A new study funded by the US National Institute of Justice (NIJ) has concluded that the level of tetrahydrocannabinol (THC) in a person’s blood, urine or saliva can’t be used to gauge their level of intoxication[i]. These findings raise some pretty big questions about the validity of roadside THC tests currently utilised by some police forces, suggesting that some drivers may be inaccurately deemed to be impaired while at the wheel.
THC Tests Go Under The Microscope
With recreational and medical cannabis legal in numerous countries and states around the world, the need to establish safe driving guidelines has rightly received a great deal of attention over recent years. Naturally, it’s critically important that no one drive while stoned or impaired in any way by weed, yet establishing a legal threshold for intoxication has proved to be tricky.
In certain locations, law enforcement relies on “per se” regulations that consider drivers to be over the limit if their bodily fluids are found to contain more than a certain concentration of THC. To analyse the suitability of such laws, the study authors recruited 20 people to take part in six dosing sessions over six weeks, during which participants ate weed brownies containing zero, ten and 25 milligrams of THC, and inhaled vapour consisting of zero, five and 20 milligrams of THC.
On each session day, the researchers collected blood, urine and oral fluids from each participant every hour for eight hours after consumption, while also conducting a range of tests in order to assess levels of cognitive and psychomotor function impairment.
“Results from the toxicology tests showed that the levels of all three targeted cannabis components (THC, cannabidiol, and cannabinol) in blood, urine, and oral fluid did not correlate with cognitive or psychomotor impairment measures for oral or vaporized cannabis administration,” explained in NIJ.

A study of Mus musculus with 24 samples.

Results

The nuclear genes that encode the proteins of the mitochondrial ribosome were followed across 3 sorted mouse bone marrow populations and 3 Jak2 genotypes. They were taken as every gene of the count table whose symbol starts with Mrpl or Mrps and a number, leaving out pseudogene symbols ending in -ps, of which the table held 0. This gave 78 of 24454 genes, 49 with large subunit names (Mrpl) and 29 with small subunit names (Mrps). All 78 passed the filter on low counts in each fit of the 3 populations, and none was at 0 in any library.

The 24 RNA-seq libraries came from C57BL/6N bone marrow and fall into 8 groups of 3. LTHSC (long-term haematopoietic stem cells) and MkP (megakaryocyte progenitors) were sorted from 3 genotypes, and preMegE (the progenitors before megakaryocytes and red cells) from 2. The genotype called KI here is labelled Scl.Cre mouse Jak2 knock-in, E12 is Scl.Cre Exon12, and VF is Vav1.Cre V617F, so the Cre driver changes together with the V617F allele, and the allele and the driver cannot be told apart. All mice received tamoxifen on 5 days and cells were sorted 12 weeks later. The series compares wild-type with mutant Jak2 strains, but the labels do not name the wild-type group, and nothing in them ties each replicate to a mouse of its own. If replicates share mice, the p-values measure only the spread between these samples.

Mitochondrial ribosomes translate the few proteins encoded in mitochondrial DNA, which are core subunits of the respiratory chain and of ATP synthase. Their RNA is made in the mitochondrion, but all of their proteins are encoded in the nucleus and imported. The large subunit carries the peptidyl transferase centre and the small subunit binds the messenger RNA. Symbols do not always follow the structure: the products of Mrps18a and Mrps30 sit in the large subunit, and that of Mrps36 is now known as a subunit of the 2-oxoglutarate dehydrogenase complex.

In other words, participants’ performance at the various tests could not be predicted by the level of THC in their bodily fluids, all of which suggests that this should not be used as a measure of intoxication.
The researchers also reported that THC levels did not match up with participants’ ability to stand on one leg or walk and turn – both of which are often used to determine whether drivers are intoxicated.
Does This Mean THC Tests Are Useless?
While these results provide strong evidence that “per se” laws regarding THC levels are not appropriate for determining legal intoxication thresholds, there is still some logic to using THC tests. After all, every dose used in the study generated some level of impairment – with the exception of five milligrams of vaped THC – which means that if a person tests positive for this cannabinoid then the chances are they are at least a little stoned, and therefore probably shouldn’t be driving.
Furthermore, THC is known to interfere with brain regions that control movement, balance, coordination and judgement, so the science still says that if a person is found to have THC in their blood, urine or saliva then they most likely aren’t in a fit state to be operating a vehicle.